A week ago, we celebrated the Fourth of July in America, memorializing one of our bedrock virtues—independence. It underlies our Constitution and profoundly shapes the way we view the world. So much of today’s political rhetoric flows from the theoretical font of autonomy. We vote, praise, and purchase what best serves “me.” In particular, a social logic has developed that gets lobbed about regarding personal behavior. It goes something like this: “Do what you want, as long as it doesn’t hurt anyone.”
But how can we know the ways in which our choices affect those around us? Are we so certain of ourselves to think that we can even make such a measurement, let alone determine whether or not the effects of our choices are good or bad? The simple fact is that our choices are never independent. They all have effects, which is the point on display in Todd Robert Petersen’s novel It Needs to Look Like We Tried.
At first glance, the book reads like a short story collection with an assortment of characters who would otherwise likely remain unconnected, ranging from a bride-to-be to a military vet with an electrolarynx. Yet it all traces back to a cross-country road trip and a driver’s unexpected stop that sets in motion a ripple effect into each character’s story over a period of a month.
In particular, their response to failure ties them together—failed marriages, careers, and mortgage payments—most often as a result of good intentions. Even more, many of said crises come by way of someone else’s choices. Each chapter enters at a point of decision, one that twists into a cyclone of relationships, responsibilities, and goals, all of which add to the burden of the choice at hand.
Petersen uses this to his advantage allowing him to craft immediately relatable characters by examining their response to situations beyond their control. In doing so, he tests their commitment (or lack thereof) to virtue, which is the crux of every great tale. But he does so in a way that creatively incorporates the influence of media, especially that of reality TV.
Recent years have given rise to names like the Kardashians, Robertsons, and Gaineses simply by inviting viewers into their lives. And for better or worse, they’ve shaped our expectations for things like beauty, family, and the décor of our homes. That’s true for many of the characters in It Needs to Look Like We Tried as well, which Petersen explores from the vantage of media consumers, producers, and subjects.
His treatment of these themes makes the book a timely read, especially with a man made famous by reality TV now at the helm of our country. If we can trust the headlines, or at least our timelines, many feel as though the world is spinning beyond their grasp. And the easy response is to retreat into a cocoon of self-preservation. But true autonomy is a myth. Our choices always have effects. Just as smoking cigarettes influences healthcare costs so gentrifying neighborhoods taxes out the poor. The logic behind “Do what you want, as long as it doesn’t hurt anyone” ultimately discourages empathy. It’s first about what I want before it matters how it affects others.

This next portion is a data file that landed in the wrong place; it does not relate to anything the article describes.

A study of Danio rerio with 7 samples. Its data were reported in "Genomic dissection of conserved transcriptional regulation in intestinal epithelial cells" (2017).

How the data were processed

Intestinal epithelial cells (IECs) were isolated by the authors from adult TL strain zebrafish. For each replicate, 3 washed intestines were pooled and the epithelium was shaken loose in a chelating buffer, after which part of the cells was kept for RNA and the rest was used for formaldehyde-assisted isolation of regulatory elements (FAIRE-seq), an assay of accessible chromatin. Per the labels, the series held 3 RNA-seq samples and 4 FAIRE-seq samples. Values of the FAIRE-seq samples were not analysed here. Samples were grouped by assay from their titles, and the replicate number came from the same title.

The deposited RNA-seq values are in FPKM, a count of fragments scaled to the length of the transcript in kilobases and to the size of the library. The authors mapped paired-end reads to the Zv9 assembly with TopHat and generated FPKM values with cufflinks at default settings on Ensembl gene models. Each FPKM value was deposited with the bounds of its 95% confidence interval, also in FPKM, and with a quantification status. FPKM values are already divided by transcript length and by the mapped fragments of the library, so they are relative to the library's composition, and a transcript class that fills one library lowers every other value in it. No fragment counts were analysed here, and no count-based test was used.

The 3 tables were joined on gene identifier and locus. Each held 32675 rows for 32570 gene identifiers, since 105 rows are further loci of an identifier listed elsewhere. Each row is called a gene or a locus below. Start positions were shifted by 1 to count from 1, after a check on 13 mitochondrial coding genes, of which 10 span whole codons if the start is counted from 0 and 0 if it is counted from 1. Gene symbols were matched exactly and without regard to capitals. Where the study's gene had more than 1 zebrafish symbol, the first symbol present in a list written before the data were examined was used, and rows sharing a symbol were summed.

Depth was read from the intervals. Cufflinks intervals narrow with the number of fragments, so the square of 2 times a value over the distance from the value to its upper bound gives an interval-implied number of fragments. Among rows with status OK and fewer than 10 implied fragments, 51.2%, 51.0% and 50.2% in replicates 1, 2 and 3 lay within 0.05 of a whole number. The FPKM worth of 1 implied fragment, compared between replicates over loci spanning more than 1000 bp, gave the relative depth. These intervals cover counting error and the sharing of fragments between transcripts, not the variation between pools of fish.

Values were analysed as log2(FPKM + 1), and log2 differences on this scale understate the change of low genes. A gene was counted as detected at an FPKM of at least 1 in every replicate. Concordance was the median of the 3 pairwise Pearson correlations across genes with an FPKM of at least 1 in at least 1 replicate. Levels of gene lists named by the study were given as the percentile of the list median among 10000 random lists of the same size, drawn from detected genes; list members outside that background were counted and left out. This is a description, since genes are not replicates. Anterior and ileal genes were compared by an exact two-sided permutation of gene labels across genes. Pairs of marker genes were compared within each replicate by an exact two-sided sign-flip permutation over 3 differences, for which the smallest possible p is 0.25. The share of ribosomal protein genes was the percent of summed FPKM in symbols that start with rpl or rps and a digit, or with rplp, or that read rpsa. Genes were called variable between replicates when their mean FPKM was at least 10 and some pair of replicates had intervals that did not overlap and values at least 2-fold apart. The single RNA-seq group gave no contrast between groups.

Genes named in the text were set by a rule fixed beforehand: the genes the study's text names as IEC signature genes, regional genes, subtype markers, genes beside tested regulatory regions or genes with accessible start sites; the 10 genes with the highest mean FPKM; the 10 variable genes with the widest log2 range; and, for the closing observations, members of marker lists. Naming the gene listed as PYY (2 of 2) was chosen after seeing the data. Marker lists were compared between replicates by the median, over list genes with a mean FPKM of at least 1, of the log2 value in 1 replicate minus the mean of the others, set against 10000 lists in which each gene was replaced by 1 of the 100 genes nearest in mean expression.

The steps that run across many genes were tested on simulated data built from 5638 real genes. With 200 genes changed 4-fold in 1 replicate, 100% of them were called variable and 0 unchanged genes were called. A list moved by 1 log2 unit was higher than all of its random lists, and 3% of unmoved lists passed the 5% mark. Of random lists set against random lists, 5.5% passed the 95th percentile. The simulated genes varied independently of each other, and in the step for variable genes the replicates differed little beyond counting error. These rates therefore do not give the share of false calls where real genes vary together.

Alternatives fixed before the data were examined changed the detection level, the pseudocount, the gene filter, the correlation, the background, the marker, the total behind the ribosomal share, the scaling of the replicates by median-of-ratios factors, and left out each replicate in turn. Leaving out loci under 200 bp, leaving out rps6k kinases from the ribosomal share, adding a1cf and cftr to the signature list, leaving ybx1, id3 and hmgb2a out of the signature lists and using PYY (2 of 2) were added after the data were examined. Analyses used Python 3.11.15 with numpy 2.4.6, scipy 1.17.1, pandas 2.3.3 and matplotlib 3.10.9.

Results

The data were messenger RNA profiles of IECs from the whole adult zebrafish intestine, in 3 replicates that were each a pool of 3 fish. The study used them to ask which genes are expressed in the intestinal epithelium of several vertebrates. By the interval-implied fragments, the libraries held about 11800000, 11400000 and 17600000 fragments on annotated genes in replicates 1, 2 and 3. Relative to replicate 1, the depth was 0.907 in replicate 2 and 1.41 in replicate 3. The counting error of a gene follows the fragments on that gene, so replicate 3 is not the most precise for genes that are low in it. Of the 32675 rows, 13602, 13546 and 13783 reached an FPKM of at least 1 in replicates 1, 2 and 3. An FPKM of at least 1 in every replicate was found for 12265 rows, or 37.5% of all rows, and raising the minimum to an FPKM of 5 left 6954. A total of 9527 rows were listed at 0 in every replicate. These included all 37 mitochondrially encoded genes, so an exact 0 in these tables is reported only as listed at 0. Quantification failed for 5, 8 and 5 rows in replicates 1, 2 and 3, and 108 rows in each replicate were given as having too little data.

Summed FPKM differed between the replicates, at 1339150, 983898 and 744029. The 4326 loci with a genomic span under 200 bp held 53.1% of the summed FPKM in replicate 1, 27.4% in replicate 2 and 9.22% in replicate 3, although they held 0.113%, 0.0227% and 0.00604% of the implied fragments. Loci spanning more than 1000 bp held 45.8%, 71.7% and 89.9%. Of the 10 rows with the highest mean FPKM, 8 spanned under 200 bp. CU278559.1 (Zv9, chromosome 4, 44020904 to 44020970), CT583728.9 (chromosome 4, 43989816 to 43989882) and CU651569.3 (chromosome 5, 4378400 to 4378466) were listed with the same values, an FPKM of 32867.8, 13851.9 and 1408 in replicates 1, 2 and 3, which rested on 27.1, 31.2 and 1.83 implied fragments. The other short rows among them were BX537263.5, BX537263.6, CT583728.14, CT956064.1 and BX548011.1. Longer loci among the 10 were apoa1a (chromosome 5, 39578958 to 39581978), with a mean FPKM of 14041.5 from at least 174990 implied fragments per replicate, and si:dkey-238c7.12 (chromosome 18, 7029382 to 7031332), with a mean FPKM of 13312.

It Needs to Look Like We Tried forces readers to slow down, place themselves in someone else’s shoes, and consider the effects of their decisions. It reminds us that whatever hope we have begins beyond ourselves. And while that will always be a messy process leaving us facedown on the ground more often than not, at least we can say we tried.
Educated by Tara Westover
Tara Westover grew up in a family of Mormon survivalists in Idaho. Obsessed with apocalyptic prophecies, her father lived on high alert hoarding dry goods, wary of the government, and determined to keep his family unstained by the world. Her mother contributed to the family through herbal remedies and “shifting” human energy to heal maladies. Tara never visited the doctor or attended public school. Instead, she helped her father and brothers in the scrap yard and read religious texts for education. In this riveting memoir, Westover describes how she gained admission to BYU and eventually ended up at Cambridge University where the reality of the world tested the convictions of her upbringing. Her writing is sensory and vivid, documenting the years of theological, verbal, and physical abuse she faced, especially from her father, never knowing any better. Educated is the incredible story of one woman’s journey from poverty to a PhD and a startling reminder of how our convictions impact those around us.
An American Marriage by Tayari Jones
Roy and Celestial are newlyweds. Each has a promising career and a hope-filled future for their life together until Roy is arrested and sentenced to twelve years in prison on unfounded charges. Celestial does her best to maintain their relationship, but as the years tick by her love for Roy grows challenged and she find herself comforted by Roy’s best friend, Andre. As she struggles through how to handle her new relational dynamic, Roy’s conviction is overturned and he is released from prison. Expecting to return home and restart life, no one can say for sure what awaits him—not even his wife.
Social Creature by Tara Isabella Burton
Lavinia and Louise couldn’t be any more different. One comes from nothing and juggles three jobs to pay her many bills. The other is rich, glamorous, and a staple in the New York night scene. Following a chance introduction, the two begin an unlikely friendship in which their lives start to blend. But before long, their playful connection grows manipulative and obsessive, such that one of them will not make it out alive. Burton’s debut is an absorbing dive into the extremes of human nature and the shaping effect technology has on the people we long to be.